The Auburn Tigers travel to Lexington to face the Kentucky Wildcats in Week 7. Both teams are coming off a bye week and a win on Thursday will be huge for both programs.
But at this point in the season, you’d think the roles would be reversed.
Kentucky enters Thursday’s game with a 4-1 record, its lone loss coming against Florida in a near-upset of the now ranked Gators. The Wildcats rank second in the SEC East standings, ahead of Georgia, Missouri and Tennessee — the three teams considered by many to be favored in preseason.
Auburn enters at 3-2 and is one of the SEC’s most disappointing teams after failing to live up to preseason expectations as a potential national contender. The Tigers rank last in the SEC West and are 0-2 in conference games.
It’s a tale of two programs who have seen historically different results. Kentucky is — by all accounts — a “basketball school” with “championship or bust” expectations on the hardwood and a “bowl game at best” mentality on the gridiron.
Auburn has a rich history of national championships, Heisman Trophy winners and legendary folklore that has enriched the tradition of SEC Football for decades. So why does it seem like this game is set to take place in Bizarro World rather than Lexington?
Despite Auburn being favored by two points, it seems like Thursday’s game could be the true measurement of how disappointing Gus Malzahn’s team has been/will be in 2015. A loss to Kentucky would be monumental considering it was one of two SEC teams — Vanderbilt being the other — that didn’t make a postseason appearance in 2014.
Imagine that, a team believed by many to make a College Football Playoff appearance falling victim to an upset by the team that finished 13th in the conference last season. That’s a possible scenario for the Tigers entering Thursday’s game.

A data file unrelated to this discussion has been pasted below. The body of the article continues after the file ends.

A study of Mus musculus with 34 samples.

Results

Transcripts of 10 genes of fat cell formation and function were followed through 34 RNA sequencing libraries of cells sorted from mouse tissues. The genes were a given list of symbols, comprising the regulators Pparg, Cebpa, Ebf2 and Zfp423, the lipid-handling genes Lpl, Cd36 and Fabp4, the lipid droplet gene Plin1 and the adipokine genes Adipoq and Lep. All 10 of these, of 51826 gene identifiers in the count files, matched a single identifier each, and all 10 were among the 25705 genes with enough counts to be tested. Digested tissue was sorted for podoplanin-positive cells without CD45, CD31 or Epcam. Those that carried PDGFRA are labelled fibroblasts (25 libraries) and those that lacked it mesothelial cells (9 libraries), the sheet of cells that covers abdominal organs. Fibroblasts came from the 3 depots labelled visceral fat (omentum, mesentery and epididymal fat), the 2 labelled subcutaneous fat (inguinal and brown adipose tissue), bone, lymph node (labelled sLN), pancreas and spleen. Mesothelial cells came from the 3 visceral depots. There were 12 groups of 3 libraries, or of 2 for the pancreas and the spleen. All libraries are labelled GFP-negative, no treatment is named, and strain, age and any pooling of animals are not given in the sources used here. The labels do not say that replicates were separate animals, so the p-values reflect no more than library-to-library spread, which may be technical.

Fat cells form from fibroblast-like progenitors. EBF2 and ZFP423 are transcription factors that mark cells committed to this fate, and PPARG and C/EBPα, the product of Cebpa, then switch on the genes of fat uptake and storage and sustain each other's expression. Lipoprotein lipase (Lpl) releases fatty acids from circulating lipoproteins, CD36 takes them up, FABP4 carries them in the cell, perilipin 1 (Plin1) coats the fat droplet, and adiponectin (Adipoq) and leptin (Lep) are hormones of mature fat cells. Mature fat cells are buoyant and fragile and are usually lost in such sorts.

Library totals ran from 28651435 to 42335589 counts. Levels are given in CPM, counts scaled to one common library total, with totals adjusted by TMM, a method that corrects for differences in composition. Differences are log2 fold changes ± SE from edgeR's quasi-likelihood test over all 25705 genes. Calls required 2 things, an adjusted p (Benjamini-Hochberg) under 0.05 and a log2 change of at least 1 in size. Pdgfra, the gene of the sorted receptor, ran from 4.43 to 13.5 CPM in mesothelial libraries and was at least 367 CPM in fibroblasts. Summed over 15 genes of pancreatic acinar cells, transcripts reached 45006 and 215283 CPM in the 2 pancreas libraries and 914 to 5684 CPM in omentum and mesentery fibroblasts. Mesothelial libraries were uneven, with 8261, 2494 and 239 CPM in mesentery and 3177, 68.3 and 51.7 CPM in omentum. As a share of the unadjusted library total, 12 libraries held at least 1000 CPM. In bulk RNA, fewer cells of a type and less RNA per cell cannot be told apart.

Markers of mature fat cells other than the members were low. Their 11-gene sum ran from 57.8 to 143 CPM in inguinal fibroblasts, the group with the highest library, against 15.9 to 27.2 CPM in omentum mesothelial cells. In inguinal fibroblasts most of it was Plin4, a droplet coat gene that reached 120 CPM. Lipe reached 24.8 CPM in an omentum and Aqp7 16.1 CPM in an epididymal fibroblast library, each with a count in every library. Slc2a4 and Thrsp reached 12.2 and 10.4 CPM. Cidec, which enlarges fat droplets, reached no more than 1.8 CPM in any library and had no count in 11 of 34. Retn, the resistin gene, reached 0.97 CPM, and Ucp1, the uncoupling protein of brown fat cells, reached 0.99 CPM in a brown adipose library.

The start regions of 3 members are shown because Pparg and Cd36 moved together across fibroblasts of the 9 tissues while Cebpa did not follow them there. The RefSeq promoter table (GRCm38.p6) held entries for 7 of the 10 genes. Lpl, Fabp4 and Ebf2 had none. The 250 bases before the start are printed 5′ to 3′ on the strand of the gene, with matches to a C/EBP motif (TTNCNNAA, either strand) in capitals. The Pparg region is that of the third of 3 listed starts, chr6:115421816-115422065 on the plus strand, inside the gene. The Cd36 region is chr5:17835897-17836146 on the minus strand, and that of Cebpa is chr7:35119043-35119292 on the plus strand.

On the other hand, a win for Kentucky on Thursday would provide some legitimacy for the team’s improvement under third-year coach Mark Stoops. Stoops is 11-18 (4-15) through 29 games, but has improved his record in each of his past two seasons.
Football is rarely the focus in Lexington, but the team’s minimal success has kept fans’ attention through the fall and earned the coach multiple extensions since his hire in November 2012.
Kentucky managed to start 5-1 in 2014, but failed to make a bowl appearance after ending its season on a six-game losing streak. Even still, the season was considered a success by many fans based on low preseason expectations.
In Year Three, Stoops’ team is capable of earning a statement win against one of the conference’s most historic programs.
Auburn is still a major name in the SEC, despite its lack of success in 2015. Kentucky beating Auburn is a huge deal for the program and would likely secure bowl eligibility with remaining games against Vanderbilt and Charlotte left on the team’s schedule.
Obviously, Thursday’s game is a must-win for both teams. While a victory could change each program’s outlook for the better, a loss will undoubtedly do the opposite.
The history of both programs makes a Kentucky win seem monumental and an Auburn loss tragic. After barely surviving an overtime game against FCS Jacksonville State, suffering two losses to SEC West opponents, Jeremy Johnson’s benching and D’Haquille Williams’ dismissal, a loss to Kentucky would be the icing on the bitter cake that is the 2015 season.
For Kentucky, defeat would likely bring up comparisons to last season. If you think a team’s psyche isn’t important, you’re sadly mistaken.
The Wildcats will want to avoid a potential collapse and need every win possible, even with two remaining favorable matchups left on the schedule.
Thursday’s game in Lexington may not receive the same attention as other SEC matchups, but it does feature two teams with major incentives regarding the remainder of its season.